I have joined numerous drinking circles which generally take place in the men's huts and campfires around Ulithi, one of the outer islands of Yap. I've listened to many of the countless World War II stories that are still being told today. I suspect many of these stories have changed a bit over the past 50 years, but one, in particular, stands out in my memory as especially vivid and authentic. I heard it on the outer island of Ulithi called Fedraey.

Tuba was and still is their only alcoholic drink. To make tuba one needs to climb a coconut tree three times a day to cut a thin slice off the end of a tightly wrapped young branch.

An old man told me his World War II story over a cup of tuba. The US 7th Fleet was heading to Ulithi which was, at that time, occupied by the Japanese. Several days before the fleet arrived the Japanese abandoned the islands rather than try to fight such an armada. Those aboard the U.S. ships didn't know that the Japanese had already left. They realized that some of the islands had indigenous populations and did not want to harm them. So, the ships fired shells just over the islands making sure that the shells landed in the lagoon. However, the shells were close enough to the land to knock over all the tall coconut trees except for one which was the oldest and tallest on the island.

The old man enjoyed his tuba as much then as he did now. He decided to climb the tall coconut tree to cut his tuba in spite of all the ongoing violence. He explained that by the time he got to the top he was too tired to cut the tuba and hold on to the tree at the same time. So he carried a small tree trunk up and lashed it like a crossbeam near the top of the tree. His plan was to sit on it once he got to the top so that he could rest while he cut the tuba.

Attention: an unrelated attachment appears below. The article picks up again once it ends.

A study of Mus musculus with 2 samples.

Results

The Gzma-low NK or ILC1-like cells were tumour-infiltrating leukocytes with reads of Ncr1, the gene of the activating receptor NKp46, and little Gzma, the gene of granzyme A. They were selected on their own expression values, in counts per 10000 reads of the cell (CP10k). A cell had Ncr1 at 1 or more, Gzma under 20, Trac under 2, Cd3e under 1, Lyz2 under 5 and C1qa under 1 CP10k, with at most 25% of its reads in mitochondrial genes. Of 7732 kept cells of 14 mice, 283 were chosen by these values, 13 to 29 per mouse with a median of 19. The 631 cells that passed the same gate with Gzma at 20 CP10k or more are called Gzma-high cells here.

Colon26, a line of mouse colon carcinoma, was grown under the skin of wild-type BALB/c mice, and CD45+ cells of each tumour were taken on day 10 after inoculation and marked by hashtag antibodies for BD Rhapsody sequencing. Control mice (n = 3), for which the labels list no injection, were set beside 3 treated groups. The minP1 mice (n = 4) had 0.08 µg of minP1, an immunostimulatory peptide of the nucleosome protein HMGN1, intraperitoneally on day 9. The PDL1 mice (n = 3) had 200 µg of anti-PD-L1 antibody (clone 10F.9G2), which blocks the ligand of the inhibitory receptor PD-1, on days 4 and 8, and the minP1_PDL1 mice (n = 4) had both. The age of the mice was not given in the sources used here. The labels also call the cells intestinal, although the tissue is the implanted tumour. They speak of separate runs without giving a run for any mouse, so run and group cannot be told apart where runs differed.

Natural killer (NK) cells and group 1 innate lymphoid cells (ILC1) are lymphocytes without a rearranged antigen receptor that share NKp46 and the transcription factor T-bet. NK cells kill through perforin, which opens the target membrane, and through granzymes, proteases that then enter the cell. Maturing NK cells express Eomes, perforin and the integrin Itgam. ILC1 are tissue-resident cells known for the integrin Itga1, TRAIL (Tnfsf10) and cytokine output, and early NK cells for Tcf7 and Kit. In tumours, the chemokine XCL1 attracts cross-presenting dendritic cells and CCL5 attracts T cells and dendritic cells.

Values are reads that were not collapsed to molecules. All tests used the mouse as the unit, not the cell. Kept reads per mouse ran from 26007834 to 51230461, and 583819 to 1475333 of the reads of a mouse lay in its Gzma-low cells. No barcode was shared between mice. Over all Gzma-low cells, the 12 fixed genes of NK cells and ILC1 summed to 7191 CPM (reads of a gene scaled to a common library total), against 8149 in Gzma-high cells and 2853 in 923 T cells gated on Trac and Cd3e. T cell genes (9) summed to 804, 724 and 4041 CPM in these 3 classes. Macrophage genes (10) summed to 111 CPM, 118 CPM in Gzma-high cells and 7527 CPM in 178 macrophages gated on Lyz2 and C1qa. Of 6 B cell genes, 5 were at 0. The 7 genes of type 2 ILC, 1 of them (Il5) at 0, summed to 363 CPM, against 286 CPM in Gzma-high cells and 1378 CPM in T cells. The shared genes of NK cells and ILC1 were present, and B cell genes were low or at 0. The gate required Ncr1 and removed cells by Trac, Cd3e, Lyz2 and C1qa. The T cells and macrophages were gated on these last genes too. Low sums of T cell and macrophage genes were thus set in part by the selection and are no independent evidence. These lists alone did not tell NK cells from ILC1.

Lookouts of the 7th Fleet spotted the unusual coconut tree and assumed that someone had made a cross. Knowing that the Japanese would not make a cross, the fleet stopped the shelling and sent a shore party to investigate. They found the man who had made the cross and brought him back to their ship for a debriefing.

The old man proudly pointed out a picture in a history book that he kept. It showed an admiral talking to a young island man on a ship. The young man in the picture was clearly the old man that I was talking to. It was he who claimed the honor of ending the war in Ulithi. What the Americans didn't know was that the battle stopped because this man wanted to drink that night.

Read more of "My Adventures" on the top right of this page.